Broadacre was not formless sprawl

click on images for full-size:

Hypothetical trends: Spatial trends: concentration (locational advantages of the center) vs. dispersion (the ubiquity of infrastructure); Functional trends: centralization (globalization) vs. decentralization (specialization) -- Image used with permission from Prof. Manfed Sinz's lecture on contemporary space issues

Combinations of the trends: Desired scenario: concentration plus decentralization, producing decentralized concentration; Trend scenario: centralization plus dispersion, producing an unstoppably increasing disorder in settlement -- Image used with permission from Prof. Manfed Sinz's lecture on contemporary space issues

Wright sketched several pictures of Broadacre City, and with his students built a large model showing what a typical area might be like. Some views can be found on the web through Google's image search.

Wright's Broadacre City was by no means a formless sprawl. It was more organized than it at first appears, and it was to be under the benevolent eye of official architects. His model of the dispersed city is organized by a flexible grid masked and distorted in various ways, with similar uses of land grouped in long ribbons parallel to the highway that runs at the edge of the model.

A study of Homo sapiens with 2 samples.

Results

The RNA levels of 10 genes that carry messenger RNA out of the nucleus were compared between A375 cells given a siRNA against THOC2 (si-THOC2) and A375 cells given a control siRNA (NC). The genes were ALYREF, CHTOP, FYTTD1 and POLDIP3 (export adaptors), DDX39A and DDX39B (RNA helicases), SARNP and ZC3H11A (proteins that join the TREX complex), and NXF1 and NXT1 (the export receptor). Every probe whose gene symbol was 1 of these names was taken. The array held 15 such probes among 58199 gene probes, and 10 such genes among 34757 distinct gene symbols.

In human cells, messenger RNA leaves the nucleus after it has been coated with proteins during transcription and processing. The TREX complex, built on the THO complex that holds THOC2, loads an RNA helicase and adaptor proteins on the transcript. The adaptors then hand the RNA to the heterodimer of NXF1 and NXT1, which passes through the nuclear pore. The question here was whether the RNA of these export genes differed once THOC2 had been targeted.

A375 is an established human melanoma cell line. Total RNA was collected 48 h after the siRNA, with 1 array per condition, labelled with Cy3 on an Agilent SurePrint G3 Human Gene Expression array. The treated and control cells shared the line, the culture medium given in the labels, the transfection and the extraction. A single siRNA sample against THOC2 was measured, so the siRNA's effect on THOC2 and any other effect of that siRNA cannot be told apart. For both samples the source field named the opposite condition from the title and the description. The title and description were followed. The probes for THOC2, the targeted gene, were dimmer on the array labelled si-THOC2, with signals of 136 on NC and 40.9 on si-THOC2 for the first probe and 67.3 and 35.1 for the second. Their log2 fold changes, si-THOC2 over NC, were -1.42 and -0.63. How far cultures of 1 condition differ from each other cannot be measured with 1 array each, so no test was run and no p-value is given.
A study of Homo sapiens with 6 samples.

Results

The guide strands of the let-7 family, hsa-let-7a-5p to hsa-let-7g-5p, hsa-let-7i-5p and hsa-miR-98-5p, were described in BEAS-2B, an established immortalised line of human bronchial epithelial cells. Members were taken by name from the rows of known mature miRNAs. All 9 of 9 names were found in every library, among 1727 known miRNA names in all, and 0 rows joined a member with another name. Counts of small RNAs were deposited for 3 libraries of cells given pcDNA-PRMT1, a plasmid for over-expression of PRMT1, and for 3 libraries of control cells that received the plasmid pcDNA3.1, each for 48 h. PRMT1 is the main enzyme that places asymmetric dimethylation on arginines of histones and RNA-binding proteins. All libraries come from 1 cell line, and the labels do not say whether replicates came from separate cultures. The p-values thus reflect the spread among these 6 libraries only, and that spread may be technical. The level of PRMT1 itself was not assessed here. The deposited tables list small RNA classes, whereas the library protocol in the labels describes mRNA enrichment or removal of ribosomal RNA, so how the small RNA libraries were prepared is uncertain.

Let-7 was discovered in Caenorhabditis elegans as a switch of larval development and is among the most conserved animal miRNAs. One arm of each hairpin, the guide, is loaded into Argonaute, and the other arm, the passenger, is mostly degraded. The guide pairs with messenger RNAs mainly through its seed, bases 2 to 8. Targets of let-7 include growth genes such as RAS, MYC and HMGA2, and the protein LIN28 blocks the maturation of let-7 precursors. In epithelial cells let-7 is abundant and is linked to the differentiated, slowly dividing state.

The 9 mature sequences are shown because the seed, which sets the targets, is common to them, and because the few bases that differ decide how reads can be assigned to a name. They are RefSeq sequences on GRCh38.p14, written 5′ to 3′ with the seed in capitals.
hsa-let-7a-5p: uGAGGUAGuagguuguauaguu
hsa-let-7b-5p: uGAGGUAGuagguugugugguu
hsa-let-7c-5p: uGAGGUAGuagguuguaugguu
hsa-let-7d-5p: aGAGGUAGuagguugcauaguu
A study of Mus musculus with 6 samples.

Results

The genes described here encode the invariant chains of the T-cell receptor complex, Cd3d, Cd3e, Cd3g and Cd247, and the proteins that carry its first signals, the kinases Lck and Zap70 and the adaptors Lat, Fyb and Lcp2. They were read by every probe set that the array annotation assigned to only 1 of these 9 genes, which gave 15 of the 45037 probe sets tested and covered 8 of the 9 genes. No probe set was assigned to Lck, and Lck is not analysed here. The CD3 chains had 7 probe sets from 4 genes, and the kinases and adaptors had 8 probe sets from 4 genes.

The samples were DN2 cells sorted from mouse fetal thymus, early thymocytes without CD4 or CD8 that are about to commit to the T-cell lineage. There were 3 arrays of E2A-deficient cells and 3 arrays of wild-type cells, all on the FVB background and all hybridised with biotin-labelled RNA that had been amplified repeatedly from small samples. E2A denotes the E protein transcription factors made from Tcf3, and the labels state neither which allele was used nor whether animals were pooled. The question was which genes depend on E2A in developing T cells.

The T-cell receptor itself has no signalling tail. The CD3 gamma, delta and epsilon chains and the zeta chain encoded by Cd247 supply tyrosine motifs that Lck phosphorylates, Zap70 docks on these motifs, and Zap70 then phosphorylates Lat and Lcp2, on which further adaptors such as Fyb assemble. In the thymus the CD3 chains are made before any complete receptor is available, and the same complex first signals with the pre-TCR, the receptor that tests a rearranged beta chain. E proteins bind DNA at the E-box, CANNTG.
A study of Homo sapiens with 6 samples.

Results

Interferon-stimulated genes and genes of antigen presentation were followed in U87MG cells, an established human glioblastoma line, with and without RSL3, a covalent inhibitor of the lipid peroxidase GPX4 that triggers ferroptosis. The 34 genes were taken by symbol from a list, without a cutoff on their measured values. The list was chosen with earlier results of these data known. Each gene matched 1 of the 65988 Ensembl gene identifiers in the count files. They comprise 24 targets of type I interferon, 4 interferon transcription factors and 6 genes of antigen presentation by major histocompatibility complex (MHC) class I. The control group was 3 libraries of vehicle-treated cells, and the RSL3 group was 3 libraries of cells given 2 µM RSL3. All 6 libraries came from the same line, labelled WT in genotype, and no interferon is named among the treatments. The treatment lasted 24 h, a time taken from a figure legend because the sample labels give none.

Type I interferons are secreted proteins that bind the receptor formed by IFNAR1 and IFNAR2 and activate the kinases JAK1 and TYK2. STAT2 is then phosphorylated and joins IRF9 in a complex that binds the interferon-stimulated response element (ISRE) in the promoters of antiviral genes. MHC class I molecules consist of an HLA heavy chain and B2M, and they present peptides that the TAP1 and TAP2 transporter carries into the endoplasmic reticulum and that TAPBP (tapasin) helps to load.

A third of the land area is given over to non-residential uses. Because he wanted to include in the model some buildings that he had designed but not been able to build, Wright put a large number of public buildings and other architectural events within the four square miles represented by the model.

The linear sectors of the model are: the highway, then industrial and commercial-cultural buildings, then agricultural land associated with the markets, then residential, then civic buildings, then recreational areas and larger homes. The model puts together in new ways expanded functional areas taken from rural small towns and their surroundings. Functional areas found in large cities are either disaggregated (manufacturing, commerce) or done away with (low income housing, central stations, office concentrations).

Though it may look similar at first glance, Wright's pattern is not the same as current suburbs.